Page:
Stockland buys up Sydney’s Piccadilly Centre

Stockland has bought the remaining 50 per cent stake in the Piccadilly Centre from Oxford Properties for $347 million.
Stockland has bought the remaining 50 per cent stake in the Piccadilly Centre from Oxford Properties for $347 million.

Stockland will push ahead with plans to overhaul Sydney’s landmark Piccadilly Centre after taking full control of the near $700 million complex and selling off a stake in a nearby $680 million tower.

Both deals were with the Investa operation, which acquired the half stake in 135 King St and Glasshouse in Sydney that Stockland sold for $340 million.

Investa also advises Oxford Properties, which sold its 50% stake in the Piccadilly Centre to Stockland for $347 million. The combined deals, which were flagged in The Australian, took Stockland’s stake in the Piccadilly Centre, which is also the company’s head office, to 100 per cent, and boosted its ability to redevelop the building.


Sitting in the heart of Sydney, the Piccadilly Centre sits on a 4800sqm block with dual street frontages to Pitt and Castlereagh streets. It is linked to existing stations, the new George St light rail, and the coming Pitt St Metro rail station.

Stockland chief executive Mark Steinert says the group’s strategy was to recycle capital from properties that had been optimised and to invest into higher growth opportunities with redevelopment potential like Piccadilly.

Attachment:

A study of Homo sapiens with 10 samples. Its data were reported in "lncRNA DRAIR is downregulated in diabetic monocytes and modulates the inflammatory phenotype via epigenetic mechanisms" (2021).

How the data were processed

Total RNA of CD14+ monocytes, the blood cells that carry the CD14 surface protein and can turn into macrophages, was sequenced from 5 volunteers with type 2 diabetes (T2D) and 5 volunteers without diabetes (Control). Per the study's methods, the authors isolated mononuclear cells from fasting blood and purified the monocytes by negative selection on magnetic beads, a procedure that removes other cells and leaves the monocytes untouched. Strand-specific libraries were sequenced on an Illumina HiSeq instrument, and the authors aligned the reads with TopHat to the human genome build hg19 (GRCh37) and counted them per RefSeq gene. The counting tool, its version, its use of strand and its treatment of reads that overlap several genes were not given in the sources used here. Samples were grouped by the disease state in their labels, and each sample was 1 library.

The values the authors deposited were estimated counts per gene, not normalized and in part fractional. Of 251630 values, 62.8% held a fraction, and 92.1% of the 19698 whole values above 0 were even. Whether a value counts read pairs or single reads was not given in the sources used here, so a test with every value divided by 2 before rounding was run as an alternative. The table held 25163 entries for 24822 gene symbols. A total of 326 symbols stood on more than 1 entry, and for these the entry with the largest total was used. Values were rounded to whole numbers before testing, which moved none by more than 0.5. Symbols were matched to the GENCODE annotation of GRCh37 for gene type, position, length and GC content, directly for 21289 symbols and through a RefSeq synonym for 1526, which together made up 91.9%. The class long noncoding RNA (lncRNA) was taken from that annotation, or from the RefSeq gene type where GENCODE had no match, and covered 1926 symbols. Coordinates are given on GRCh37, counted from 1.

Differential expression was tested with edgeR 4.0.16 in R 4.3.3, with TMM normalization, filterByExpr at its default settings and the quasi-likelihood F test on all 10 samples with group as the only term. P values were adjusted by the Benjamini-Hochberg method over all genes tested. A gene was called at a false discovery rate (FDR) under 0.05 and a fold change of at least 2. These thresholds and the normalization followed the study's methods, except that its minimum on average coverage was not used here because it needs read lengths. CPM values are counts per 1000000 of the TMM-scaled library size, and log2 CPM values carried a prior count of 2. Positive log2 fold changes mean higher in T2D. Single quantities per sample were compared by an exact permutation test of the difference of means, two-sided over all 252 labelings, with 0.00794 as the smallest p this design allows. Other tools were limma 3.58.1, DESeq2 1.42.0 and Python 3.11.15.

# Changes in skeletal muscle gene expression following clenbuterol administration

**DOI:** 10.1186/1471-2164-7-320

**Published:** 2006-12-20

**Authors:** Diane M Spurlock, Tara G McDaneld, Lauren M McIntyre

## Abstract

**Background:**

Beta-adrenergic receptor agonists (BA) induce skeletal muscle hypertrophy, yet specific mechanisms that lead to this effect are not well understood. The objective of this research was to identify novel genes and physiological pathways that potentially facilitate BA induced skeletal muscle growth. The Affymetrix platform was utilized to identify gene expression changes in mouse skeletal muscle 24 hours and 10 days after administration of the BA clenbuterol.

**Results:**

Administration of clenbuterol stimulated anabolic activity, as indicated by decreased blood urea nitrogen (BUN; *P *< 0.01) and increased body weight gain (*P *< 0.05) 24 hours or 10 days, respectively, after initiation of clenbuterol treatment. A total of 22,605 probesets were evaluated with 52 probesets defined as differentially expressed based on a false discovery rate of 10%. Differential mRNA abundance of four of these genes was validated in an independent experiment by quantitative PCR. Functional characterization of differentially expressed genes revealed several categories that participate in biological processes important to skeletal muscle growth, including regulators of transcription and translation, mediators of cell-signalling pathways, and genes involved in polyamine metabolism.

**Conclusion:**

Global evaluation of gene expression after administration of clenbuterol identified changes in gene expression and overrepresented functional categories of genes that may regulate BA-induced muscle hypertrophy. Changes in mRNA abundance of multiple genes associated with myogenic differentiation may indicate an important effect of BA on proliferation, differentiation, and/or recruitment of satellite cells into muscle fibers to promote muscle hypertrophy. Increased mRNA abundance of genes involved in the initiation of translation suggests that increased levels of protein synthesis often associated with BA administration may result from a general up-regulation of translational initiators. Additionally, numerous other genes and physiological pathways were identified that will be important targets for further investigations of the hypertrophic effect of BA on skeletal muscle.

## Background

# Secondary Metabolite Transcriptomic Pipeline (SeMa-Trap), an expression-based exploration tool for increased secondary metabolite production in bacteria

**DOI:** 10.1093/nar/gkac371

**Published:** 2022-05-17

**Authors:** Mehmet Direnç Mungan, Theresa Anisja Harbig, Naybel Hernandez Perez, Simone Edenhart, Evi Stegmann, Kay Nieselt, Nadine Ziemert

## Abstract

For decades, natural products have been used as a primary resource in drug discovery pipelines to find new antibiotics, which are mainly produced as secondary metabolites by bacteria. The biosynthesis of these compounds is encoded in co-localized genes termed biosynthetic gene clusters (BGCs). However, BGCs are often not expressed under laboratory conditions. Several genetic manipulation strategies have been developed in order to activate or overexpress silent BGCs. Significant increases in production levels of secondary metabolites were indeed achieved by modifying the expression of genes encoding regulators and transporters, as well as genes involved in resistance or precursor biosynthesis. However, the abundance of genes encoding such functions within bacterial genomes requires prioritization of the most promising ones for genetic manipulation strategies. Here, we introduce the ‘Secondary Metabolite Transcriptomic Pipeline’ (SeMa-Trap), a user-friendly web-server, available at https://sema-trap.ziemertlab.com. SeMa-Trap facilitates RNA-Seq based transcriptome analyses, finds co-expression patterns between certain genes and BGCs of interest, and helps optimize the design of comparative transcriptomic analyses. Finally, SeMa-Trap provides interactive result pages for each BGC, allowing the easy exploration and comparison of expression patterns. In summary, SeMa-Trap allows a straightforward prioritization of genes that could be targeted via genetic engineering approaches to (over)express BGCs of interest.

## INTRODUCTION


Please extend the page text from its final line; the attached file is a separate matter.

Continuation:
As a co-owner of 135 King St and Glasshouse, Stockland had added “considerable value” by redeveloping the building into two premier Pitt Street Mall shops leased by retailers H&M and Platypus Shoes, and the office tower was almost full.

“The acquisition of the remaining stake in Piccadilly aligns with our accelerated workplace and logistics strategy, which is focused on unlocking development opportunities in Sydney and Melbourne that enhance long-term income growth and increase the valuation resilience of the overall portfolio,” Mr Steinert said.

Stockland chief executive of commercial property, Louise Mason, points to the broader “precinct renewal” in Sydney’s mid-town precinct, and said the group’s development plans would drive tenant demand and rental strength at Piccadilly.

With full control, the group can now press ahead with its plans at the same time as some rival commercial and mixed-use schemes aim to get under way in the area.

Mason says that as surrounding infrastructure was delivered, the time was right to progress its development plans at Piccadilly, which could potentially sustain a new tower.

Mason adds that selling the stake in 135 King St has enabled the deal and it will also look at the “opportunity” to introduce third-party capital to the $1 billion-plus project “at the right time”.